On yesterday’s episode of Dr. Oz, he spoke with superstar dermatologist Dr. Nicholas Perricone, who recommended DMAE skin cream for topical anti-aging. Perricone also said that the single best thing you can do for your skin eat an anti-inflammatory diet.
Oz showed some before and after pictures of a woman who had applied DMAE cream for a little over a month, and the results were pretty inspiring. The studio audience was definitely impressed, and the home audience seems to be equally intrigued.
But how much do we know about DMAE cream? Is it safe to put this stuff on your face every day?
There’s not much information out there on the safety or side effects of DMAE when applied topically. This might be because it’s a relatively unstudied ingredient.The cosmetic safety database at EWG.org lists DMAE in its table of “Ingredients Not Assessed for Safety”. Because it’s not known whether DMAE could have any negative effects, it is among the ingredients in skincare products that are not recommended for pregnancy. According to Fit Pregnancy magazine: ” The effects of applying DMAE (dimethylaminoethanol, a naturally occurring substance that is said to firm and tighten skin) during pregnancy haven’t been researched, so it should be avoided.”
But while the topical concentrated DMAE is not recommended during pregnancy, the anti-inflammatory diet is a great model for good eating during pregnancy. The anti-inflammatory diet is not a weight loss diet. It is really just a healthy eating plan, intended to provide the body with the foods with greatest health benefits. With a focus on small, fatty fish, antioxidant vegetables and whole grains, this diet is well aligned with pregnancy nutrition recommendations and foods that help with fetal brain development.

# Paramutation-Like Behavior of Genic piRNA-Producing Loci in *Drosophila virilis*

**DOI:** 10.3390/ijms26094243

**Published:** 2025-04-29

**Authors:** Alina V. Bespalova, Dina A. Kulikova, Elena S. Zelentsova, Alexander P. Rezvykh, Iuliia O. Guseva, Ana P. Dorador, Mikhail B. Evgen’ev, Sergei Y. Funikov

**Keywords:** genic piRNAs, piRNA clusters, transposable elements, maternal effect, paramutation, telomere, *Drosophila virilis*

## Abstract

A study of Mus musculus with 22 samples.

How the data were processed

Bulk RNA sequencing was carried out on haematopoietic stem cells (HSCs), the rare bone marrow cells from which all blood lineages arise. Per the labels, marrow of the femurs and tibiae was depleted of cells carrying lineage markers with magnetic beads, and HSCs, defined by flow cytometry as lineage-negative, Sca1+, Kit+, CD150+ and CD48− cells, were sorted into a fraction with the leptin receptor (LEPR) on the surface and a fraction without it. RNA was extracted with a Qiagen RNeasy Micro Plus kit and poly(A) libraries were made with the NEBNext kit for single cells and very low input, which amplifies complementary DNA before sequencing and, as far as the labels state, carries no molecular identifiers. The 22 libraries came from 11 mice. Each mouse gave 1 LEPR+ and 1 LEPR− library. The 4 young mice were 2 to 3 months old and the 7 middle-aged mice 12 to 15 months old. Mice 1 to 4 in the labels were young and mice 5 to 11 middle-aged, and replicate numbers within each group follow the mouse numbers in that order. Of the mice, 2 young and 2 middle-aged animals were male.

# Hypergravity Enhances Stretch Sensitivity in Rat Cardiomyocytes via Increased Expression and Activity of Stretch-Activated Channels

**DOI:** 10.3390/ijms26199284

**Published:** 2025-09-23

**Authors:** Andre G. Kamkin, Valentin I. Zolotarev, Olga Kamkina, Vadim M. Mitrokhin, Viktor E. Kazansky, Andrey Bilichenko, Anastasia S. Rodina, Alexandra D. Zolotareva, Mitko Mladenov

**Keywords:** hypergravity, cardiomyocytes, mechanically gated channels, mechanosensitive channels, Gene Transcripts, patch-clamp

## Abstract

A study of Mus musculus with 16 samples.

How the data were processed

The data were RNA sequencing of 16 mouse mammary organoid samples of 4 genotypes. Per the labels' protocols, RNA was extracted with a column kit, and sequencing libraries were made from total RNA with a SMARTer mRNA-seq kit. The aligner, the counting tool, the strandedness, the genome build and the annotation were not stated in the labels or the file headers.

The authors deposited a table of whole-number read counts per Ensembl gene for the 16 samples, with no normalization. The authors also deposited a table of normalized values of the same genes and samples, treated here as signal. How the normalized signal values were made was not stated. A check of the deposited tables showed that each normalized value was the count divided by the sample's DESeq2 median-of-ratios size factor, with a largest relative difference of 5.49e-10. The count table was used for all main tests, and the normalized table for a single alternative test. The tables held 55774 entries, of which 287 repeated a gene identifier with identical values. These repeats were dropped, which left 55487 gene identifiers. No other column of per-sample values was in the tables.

The four main tenets of the anti-inflammatory diet, as seen on Dr. Weil’s website, could be ripped from the pages of a pregnancy diet chapter:
Aim for variety.
Include as much fresh food as possible.
Minimize your consumption of processed foods and fast food.
Eat an abundance of fruits and vegetables.
Perricone extolled the benefits of watercress (supposedly anti-cancer and anti-aging) as well as cruciferous vegetables. All of which are pretty excellent for health during pregnancy and otherwise. If you’re interested in changing your diet during pregnancy, you might want to talk to your care provider about it to hear her thoughts. But it seems to me like a modified version of an anti-inflammatory diet could be a great way to improve your overall health and give your baby the nutrition he needs at the same time.
See Dr. Weil’s anti-inflammatory diet tips.